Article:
One of the assignments students in ENGL 112 are asked to do in the July 2019 session, following a course redesign, is a four- to five-page “persuasion” essay that builds on the previous rhetorical analysis to see if the students can do the kind of things they’ve seen done. Students are provided a brief list of topics to address and are allowed to select others with instructor permission. They are also asked to involve at least four reliable sources, of which two are expected to come from University-accessible holdings; all are expected to be cited, in-text and at the end of the text, in APA format, and the paper is expected to conform to APA layout and usage standards. As I continue to believe that students benefit from targeted models, I think it fit not only to point to an earlier example that would still be applicable, but to generate a new one.
Per my previous practice, I began work by setting up a properly formatted document: letter-sized pages typed in left-aligned double-spaced 12-point Times New Roman with one-inch margins; half-inch indentations; and cover page, titles, running heads, and page numbers as prescribed by APA. Because the essay is expected to be a researched one, I also made sure to set up a references page with appropriate alignment.
That much done, I remembered that I did not yet have a topic to treat. Fortunately, I’ve written about a fair number of things, many of which have gaps that needed filling; others led to different ideas yet. I recalled that I’ve often asked students to suggest changes to their curricula and that I’ve written on such things myself (witness here, among many others). Having taught many of the writing classes that DeVry offers, I am in a position to be able to speak to what its writing curriculum does well–and does less well. And that led me to a topic.
Having arrived at a topic, I ruminated upon it, and a thesis emerged from that rumination and my past work. I typed it into my document, highlighting it in green for my ease of seeing it, and I began to draft an introduction that would lead up to it. Given the need to contextualize the topic and thesis, I was also able to pull from one of the required outside sources–a primary source, in the event, so necessarily meeting the “reliable” criterion.
With a thesis and an introduction in place, I found myself in position to draft a conclusion, leading back out from the thesis to future implications. It does not normally happen thus for me; I usually move from my thesis to drafting the body of my essay, framing that body in and filling the frame in fits and starts as ideas come to me. But I had an idea for a way out of the paper in mind, and I usually have more trouble with endings than with any other part of my papers, so I took the chance to firm up my paper’s ending early on and give myself a place towards which to write as I did the rest of the drafting.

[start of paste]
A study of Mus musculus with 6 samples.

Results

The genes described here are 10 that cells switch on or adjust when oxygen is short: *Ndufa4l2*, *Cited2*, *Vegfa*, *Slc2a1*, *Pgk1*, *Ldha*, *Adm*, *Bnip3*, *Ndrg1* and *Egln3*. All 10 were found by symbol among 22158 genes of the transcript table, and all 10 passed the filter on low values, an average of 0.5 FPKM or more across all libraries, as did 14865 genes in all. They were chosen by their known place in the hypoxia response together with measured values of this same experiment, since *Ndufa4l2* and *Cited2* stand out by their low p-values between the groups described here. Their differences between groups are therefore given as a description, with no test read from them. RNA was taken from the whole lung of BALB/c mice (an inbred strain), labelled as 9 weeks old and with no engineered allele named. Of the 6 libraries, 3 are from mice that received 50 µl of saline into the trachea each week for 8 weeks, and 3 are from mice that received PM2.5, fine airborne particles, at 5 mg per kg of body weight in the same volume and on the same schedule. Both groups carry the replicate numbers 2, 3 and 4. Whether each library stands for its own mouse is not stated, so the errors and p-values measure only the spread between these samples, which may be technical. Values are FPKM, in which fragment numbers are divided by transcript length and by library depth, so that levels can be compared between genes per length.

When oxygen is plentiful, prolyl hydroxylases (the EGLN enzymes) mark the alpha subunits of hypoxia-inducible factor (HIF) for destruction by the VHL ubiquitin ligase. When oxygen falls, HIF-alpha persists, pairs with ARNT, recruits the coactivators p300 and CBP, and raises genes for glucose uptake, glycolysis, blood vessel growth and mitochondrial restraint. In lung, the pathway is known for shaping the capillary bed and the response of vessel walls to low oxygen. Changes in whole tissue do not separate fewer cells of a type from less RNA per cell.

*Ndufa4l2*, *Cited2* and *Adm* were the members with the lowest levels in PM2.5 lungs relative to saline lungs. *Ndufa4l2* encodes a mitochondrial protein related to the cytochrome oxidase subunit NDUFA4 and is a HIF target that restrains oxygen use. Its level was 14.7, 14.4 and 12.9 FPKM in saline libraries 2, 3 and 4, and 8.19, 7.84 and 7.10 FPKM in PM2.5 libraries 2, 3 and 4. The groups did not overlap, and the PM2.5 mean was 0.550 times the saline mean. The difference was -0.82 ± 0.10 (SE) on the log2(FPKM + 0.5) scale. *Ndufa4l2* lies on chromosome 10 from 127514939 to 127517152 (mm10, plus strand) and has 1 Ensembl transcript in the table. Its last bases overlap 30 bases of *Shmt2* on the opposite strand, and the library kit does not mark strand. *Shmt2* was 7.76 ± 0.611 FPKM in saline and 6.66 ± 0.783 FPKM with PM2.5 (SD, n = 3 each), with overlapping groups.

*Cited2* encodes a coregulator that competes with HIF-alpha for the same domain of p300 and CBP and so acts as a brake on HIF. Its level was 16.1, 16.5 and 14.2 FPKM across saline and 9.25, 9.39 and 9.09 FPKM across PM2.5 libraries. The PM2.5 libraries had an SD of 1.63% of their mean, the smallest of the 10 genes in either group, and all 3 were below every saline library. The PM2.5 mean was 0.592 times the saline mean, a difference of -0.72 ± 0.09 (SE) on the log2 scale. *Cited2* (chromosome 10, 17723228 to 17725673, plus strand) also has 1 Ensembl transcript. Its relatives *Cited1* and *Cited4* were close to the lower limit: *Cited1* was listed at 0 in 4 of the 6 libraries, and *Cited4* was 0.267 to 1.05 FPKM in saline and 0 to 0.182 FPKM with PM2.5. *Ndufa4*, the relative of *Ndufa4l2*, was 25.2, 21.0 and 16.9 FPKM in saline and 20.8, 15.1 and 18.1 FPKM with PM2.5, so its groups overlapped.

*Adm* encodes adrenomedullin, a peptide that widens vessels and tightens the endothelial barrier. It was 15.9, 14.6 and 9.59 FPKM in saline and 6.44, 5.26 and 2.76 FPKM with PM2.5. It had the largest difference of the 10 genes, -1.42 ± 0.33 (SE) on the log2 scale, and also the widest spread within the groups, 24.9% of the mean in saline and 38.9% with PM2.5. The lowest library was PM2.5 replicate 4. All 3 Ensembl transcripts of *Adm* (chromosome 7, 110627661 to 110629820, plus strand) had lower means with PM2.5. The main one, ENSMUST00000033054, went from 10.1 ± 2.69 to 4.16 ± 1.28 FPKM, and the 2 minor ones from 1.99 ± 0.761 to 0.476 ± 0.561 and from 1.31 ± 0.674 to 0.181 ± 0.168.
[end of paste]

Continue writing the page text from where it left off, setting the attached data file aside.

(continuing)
Knowing then where I would be going with my writing, I turned to the body of my essay, drafting an initial argumentative paragraph. I knew the first point to occur to me would not be the strongest one available to me, for reasons I made sure to note in the text. Accordingly, I determined to place it early in the body of the essay, making use in a short paper of the emphatic order typically prized in writing instruction (and which I recall having noted to my July 2019 session students as being good for such a circumstance). As it developed, though, the argumentative point took on additional strength; I left it in place in favor of mixed order, a variation of emphatic order I have discussed with students and often deploy in my other work.
I pivoted thence to develop another point of argument. I knew what I wanted to say in that point, having had some time to think about the argument, but I knew I needed to look for more source materials to allow me to strike a useful balance between situated and invented ethos. As such, I searched the University library holdings for information, and, finding my initial search gave me more to handle than I could, I limited myself to peer reviewed sources from 2010 onward. A few sources turned up, but, in the midst of reviewing them, another point of argument entirely came to mind, and another, and I worked on them in turn as they arose. Doing so sent me to other sources outside the University library’s holdings as it sent me to the original sources of the University’s holdings for accurate citation data, and I worked to incorporate a variety of sources of information in the hopes of better establishing my ethos.
At length, my argument made, I reviewed my work for clarity and cohesion. I then reviewed it again for style and orthography. The reviews done, I put the paper into an accessible form, which I offer here in the hopes that it will be of help for my students–and perhaps a few others: G. Elliott Sample Rhetorical Strategies Essay.